Follow by Email

Sunday, October 17, 2010

The Other Salhiya, Kuwait...


Salhiya, an area in downtown Kuwait, is usually affiliated with its 'uptown' mall and hotel complex which contains the 'creme de la creme' of international (mostly French and Italian) fashion-retailers within its, somewhat hermetic, confines. However, only about a hundred meters outside, crossing the street by the main entrance and heading towards the back of the row of up-market coffee-shops and restaurants, a completely different universe of retailing and socializing takes place. On an area that only covers a few city blocks and is mainly defined by a commercial spine stuck between a multi-storey Brutalist parking garage and a stretch of abandoned apartment blocks a truly mixed (both culturally & commercially) and 'buzzing' (and perhaps gritty) neighborhood practices its daily trade. This mixture (and physical proximity) of individuals from a variety of places and social stratum is truly unique occurrence in Kuwait. It's the only urban locale in Kuwait that, at least for me, sounds, smells, feels like a city. A place for casual conversations, people-watching, a quick cup of tea or Turkish-coffee, that do not necessitate one to adapt ones mannerism to the more regimented social confines set by the persnickety establishments around the corner. In its droll and density it embodies the anonymity and individuality that a truly cosmopolitan city needs to contain. Places like this are difficult to design, and are usually the result of planning related ennui rather than something intentional, something designed. However, as suggested by people like Jane Jacobs and other thinkers of her calibre and genre, places like this are what make a city so attractive to many of the urbanites that occupy its various nodes and arteries... These back-streets of Salhiya, rather than the gilded shops nearby, contain the true life-blood and character of Kuwait City. They should be celebrated rather than lambasted. Let's hope the nearby city-planners have the astuteness to let this neighborhood be and thrive, rather than neutering it (in the name of 'progress') with yet another lifeless shopping mall...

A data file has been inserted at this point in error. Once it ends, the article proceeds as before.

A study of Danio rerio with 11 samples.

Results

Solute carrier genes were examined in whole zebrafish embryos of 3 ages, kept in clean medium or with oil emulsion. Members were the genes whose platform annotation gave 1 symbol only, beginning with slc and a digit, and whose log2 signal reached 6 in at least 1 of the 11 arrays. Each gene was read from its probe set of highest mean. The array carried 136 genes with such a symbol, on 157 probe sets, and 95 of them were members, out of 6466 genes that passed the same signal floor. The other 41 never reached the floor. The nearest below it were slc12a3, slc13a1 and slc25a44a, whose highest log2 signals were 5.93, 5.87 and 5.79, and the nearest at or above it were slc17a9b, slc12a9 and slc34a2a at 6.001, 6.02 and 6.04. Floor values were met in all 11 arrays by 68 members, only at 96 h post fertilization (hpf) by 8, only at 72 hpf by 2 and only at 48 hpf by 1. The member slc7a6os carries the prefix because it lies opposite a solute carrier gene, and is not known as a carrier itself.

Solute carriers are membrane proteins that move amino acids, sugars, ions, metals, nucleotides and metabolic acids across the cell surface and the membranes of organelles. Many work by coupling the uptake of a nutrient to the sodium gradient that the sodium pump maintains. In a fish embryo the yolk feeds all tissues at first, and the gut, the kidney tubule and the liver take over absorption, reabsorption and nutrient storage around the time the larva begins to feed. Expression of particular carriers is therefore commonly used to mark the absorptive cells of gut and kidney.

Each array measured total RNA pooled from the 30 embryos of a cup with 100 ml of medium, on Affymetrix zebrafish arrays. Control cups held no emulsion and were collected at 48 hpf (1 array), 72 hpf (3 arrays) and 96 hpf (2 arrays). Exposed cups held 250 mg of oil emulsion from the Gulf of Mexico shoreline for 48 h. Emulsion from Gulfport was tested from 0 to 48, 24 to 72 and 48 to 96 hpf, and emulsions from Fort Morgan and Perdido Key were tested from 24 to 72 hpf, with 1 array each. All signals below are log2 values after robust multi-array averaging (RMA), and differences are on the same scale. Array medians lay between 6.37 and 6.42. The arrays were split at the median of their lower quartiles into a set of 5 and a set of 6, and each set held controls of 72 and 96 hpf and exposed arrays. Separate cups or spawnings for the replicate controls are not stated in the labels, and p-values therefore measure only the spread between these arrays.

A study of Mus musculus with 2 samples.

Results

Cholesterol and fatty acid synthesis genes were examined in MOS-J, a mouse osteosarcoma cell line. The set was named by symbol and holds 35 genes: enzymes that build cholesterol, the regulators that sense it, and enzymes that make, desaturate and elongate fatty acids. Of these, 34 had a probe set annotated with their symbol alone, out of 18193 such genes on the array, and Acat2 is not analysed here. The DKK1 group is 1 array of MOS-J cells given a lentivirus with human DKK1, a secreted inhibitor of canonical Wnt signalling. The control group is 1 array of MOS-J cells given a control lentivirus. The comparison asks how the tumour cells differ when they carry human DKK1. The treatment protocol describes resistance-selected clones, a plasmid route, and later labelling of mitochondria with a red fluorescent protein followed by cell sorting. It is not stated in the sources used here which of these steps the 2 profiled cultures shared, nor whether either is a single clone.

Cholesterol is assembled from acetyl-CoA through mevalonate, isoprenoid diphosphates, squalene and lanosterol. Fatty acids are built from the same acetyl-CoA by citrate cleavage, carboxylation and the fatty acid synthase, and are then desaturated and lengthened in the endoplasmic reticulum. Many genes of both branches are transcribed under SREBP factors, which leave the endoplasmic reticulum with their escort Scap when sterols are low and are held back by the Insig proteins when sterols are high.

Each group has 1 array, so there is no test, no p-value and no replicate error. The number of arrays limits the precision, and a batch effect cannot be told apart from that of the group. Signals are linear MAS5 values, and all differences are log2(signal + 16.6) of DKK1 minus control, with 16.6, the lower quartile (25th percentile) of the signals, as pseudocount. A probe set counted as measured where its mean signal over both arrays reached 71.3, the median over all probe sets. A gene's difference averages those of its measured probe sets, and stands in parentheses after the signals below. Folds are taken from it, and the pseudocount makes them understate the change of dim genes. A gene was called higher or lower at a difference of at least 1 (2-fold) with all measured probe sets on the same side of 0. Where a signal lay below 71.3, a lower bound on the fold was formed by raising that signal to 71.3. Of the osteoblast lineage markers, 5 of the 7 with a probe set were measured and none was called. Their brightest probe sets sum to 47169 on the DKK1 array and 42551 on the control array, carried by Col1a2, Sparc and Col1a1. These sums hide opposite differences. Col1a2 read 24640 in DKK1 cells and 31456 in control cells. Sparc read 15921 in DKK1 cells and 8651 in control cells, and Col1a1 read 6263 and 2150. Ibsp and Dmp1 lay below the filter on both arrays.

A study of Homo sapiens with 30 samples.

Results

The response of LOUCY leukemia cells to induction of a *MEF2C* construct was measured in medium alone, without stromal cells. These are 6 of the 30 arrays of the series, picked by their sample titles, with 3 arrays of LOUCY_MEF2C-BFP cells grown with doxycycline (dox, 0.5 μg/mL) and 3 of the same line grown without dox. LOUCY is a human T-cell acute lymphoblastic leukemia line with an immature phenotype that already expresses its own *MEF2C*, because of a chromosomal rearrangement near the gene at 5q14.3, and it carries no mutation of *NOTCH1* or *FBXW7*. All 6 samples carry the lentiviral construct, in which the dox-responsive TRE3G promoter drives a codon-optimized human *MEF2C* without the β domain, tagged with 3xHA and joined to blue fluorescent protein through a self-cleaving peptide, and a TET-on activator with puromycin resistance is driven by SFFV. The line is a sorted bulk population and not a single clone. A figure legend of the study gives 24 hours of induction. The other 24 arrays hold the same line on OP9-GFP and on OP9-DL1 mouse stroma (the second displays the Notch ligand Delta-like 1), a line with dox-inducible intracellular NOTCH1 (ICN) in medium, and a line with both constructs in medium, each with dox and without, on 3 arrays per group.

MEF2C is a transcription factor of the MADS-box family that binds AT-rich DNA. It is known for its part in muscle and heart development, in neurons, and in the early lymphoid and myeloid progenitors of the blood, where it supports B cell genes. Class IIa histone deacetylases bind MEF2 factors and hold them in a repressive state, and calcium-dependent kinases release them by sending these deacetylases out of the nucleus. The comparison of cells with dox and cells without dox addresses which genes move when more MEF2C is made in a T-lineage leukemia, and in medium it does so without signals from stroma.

The main venue is stuck predominantly between a Brutalist multi-storey parking garage and an abandoned apartment complex...

An internal stretch of shops selling anything from plastic sandals to perfumes...

A stretch of abandoned apartment complexes flank the shopping district...

A, roughly, 180 degree, panorama showing (to the far left) the narrow entry leading to the buzzing (workers) shopping district, and the more grand entry (on the right) to the more high-end shops within the interiors of the 'Salhiya Complex'...

3 comments:

ghadah alkandari said...

how romantic your description is of downtown kuwait! i used to view cairo the same way when all MY egyptian friends saw was squalor, neglect and pollution. but i agree with you and do tend to find charm in the buildings and 'life' surrounding the fancy hotels and shopping centers in salhiya.
and as always, i learned a new term. it's going to be my new favorite word and i'm going to point it out to my loved ones every time i see a building in its style: that's brutal! thank you :)!

lentgfur

Thomas said...

Seen and reviewed through Brutally frank rose-tinted glasses...

Thanks Ghadah...

Good luck with your upcoming exhibition - break a leg...

Emran said...
This comment has been removed by a blog administrator.